Low-skilled or unskilled labour is considered to belong to the unorganized sector.

The organized sector is incorporated with the appropriate authority or government and follows its rules and regulations. Whereas, the GDP does not even calculate the income of the unorganized sector.


The Ministry of Labor, the Government of India, have classified the unorganized sector under four groups:

1.     Under the terms of Occupation


2.     Under the terms of Nature of Employment


3.     Under the terms of Special Distressed Category


4.     Under the terms of Service Category


Relief to the people working in the unorganized sector

It is tough to resolve the issues of the enormous volume of this category.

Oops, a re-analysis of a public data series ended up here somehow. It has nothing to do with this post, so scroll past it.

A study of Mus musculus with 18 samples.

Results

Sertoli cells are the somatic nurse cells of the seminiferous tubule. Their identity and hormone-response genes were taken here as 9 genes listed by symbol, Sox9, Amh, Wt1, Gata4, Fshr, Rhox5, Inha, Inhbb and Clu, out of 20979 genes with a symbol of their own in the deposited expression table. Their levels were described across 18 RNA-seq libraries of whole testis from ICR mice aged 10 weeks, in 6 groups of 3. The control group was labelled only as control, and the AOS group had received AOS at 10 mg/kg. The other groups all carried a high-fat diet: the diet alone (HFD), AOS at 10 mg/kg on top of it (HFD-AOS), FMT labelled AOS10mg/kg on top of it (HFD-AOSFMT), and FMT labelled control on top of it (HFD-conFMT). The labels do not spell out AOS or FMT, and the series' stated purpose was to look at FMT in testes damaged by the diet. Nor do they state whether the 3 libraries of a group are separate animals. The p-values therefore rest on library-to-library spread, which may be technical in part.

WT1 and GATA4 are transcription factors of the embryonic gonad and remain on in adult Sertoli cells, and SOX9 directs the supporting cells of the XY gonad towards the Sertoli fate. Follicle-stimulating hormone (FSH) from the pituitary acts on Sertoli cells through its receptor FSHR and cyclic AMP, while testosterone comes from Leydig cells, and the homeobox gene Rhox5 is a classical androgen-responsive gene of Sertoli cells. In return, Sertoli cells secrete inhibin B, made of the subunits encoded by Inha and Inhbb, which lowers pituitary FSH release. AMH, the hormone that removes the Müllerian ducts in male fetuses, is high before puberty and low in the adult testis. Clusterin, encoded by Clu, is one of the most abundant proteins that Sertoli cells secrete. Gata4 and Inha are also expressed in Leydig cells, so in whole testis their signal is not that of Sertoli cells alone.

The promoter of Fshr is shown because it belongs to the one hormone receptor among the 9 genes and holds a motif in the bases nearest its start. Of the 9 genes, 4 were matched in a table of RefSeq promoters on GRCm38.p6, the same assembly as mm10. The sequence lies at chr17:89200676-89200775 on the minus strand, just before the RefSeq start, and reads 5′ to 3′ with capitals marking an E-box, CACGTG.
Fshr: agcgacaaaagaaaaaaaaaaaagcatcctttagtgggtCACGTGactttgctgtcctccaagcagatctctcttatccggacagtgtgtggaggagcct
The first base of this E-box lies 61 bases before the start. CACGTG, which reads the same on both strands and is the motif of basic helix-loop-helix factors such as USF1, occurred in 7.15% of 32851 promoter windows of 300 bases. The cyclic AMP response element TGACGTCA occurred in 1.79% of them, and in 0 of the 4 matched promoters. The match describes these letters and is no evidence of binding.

The government has undertaken several measures to take care of the welfare of unorganized sector.

Present Scenario

At present, the organized sector of the Indian economy is merely 10%. The other 90% of the total workforce as per the government survey consists of the unorganized sector. They do not even enjoy the necessary privileges like social security and workplace benefits.

Bill for fixing Minimum Wages for the Unorganized sector

On Aug 10, 2017, Lok Sabha introduced the Wages Bill. The bill was made for the betterment of 40 crore people in India who belong to the unorganized sector.

The bill seeks to set a national minimum wage for all categories of the unorganized sector. It provides a fixed time and method for their payment.

The Bill seeks to amalgamate four laws –

  • The Payment of Wages act, 1936
  • The Minimum Wages Act, 1948
  • The Payment of Bonus Act, 1965
  • The Equal Remuneration Act, 1976

This raises the question on which the need for labour reform is often defended.